Issue 197, Summer 2011
in a hotel gift shop outside Phoenix, AZ,
a little girl stood by the postcard rack, turning it gently.
She considered a picture of the desert, then
looked around for her mother,
who was elsewhere.
She gave the rack a firm push so it spun
gently on its axle,
smiled, pushed it again,
and the postcard rack wobbled on spindly legs.
And soon she had it spinning
so quickly the cards
made long blurry streaks in their rotation, gasps of blue
yellow for sand, and then faster,
the girl slapping at it with her hand,
grinning at me,
and then a single postcard rose from the rack, spun in the air
and landed at my feet,
a picture of a yawning canyon,
and then another, handfuls of postcards
rising from the rack,
turning in the air
while the girl laughed
and her oblivious mother, at the other end
of the store, bought a map or a box of fudge,
and then the air was full of pictures,
all of them shouting
Phoenix, Phoenix, Phoenix,
twirling and falling
until the empty postcard rack
groaned once more, tipped,
and crashed through the window.
There ought to be a word
how we’re balanced at the very tip of history
and behind us
everything speeds irretrievably away.
“It’s called impermanence,”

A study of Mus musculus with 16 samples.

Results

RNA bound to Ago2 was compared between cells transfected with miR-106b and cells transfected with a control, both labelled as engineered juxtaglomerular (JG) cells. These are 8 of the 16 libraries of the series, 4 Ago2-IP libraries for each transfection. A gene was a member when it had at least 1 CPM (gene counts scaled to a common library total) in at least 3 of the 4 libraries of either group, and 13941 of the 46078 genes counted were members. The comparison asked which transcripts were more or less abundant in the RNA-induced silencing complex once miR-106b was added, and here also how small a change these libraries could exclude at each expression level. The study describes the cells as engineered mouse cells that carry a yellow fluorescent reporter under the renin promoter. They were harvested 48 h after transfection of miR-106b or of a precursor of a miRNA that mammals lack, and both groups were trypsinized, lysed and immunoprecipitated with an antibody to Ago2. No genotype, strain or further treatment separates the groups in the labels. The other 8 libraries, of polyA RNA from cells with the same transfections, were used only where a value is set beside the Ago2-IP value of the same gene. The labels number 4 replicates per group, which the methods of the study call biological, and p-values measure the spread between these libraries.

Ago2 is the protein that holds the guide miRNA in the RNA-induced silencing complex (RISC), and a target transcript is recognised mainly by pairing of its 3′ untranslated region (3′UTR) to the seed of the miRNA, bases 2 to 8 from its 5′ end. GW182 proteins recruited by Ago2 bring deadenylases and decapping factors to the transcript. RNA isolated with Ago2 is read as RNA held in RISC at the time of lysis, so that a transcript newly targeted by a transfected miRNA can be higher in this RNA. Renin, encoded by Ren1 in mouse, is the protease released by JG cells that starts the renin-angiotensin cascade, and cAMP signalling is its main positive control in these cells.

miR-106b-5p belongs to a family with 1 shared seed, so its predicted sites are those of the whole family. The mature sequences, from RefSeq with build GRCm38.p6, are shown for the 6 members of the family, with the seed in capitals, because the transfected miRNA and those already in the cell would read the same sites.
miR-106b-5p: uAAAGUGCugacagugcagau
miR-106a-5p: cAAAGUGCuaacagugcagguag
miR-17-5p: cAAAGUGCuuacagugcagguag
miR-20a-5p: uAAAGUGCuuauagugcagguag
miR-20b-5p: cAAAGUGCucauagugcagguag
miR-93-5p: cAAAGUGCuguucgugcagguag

the little girl said,
looking at the mess of postcards on the floor.
“It’s called transience,” she said,
gently touching the broken window.
“It’s called dying,” she said.
It was 1981
and the clerk ran from behind the counter
and stood before us.
The girl smiled sweetly.
The postcard rack glittered
in the sun and broken glass.
He turned to me and my face grew hot,
I couldn’t help it. I was blushing.
In 2009, my father lay in a hospital bed
gesturing sweepingly with his hands.
“What are you doing?”
I asked him. “I’m building a church,” he said.
“You’re making a church?” I said.
“Can’t you see?” he said.
He seemed to be patting something
in the air, sculpting something—a roof?—that floated above him.
The hospital room was quiet and white.
“What kind of church is it?” “I’m not finished.”
“Is it a church you remember?”
“Goddamn it,” he said. “Can’t you see I’m busy?”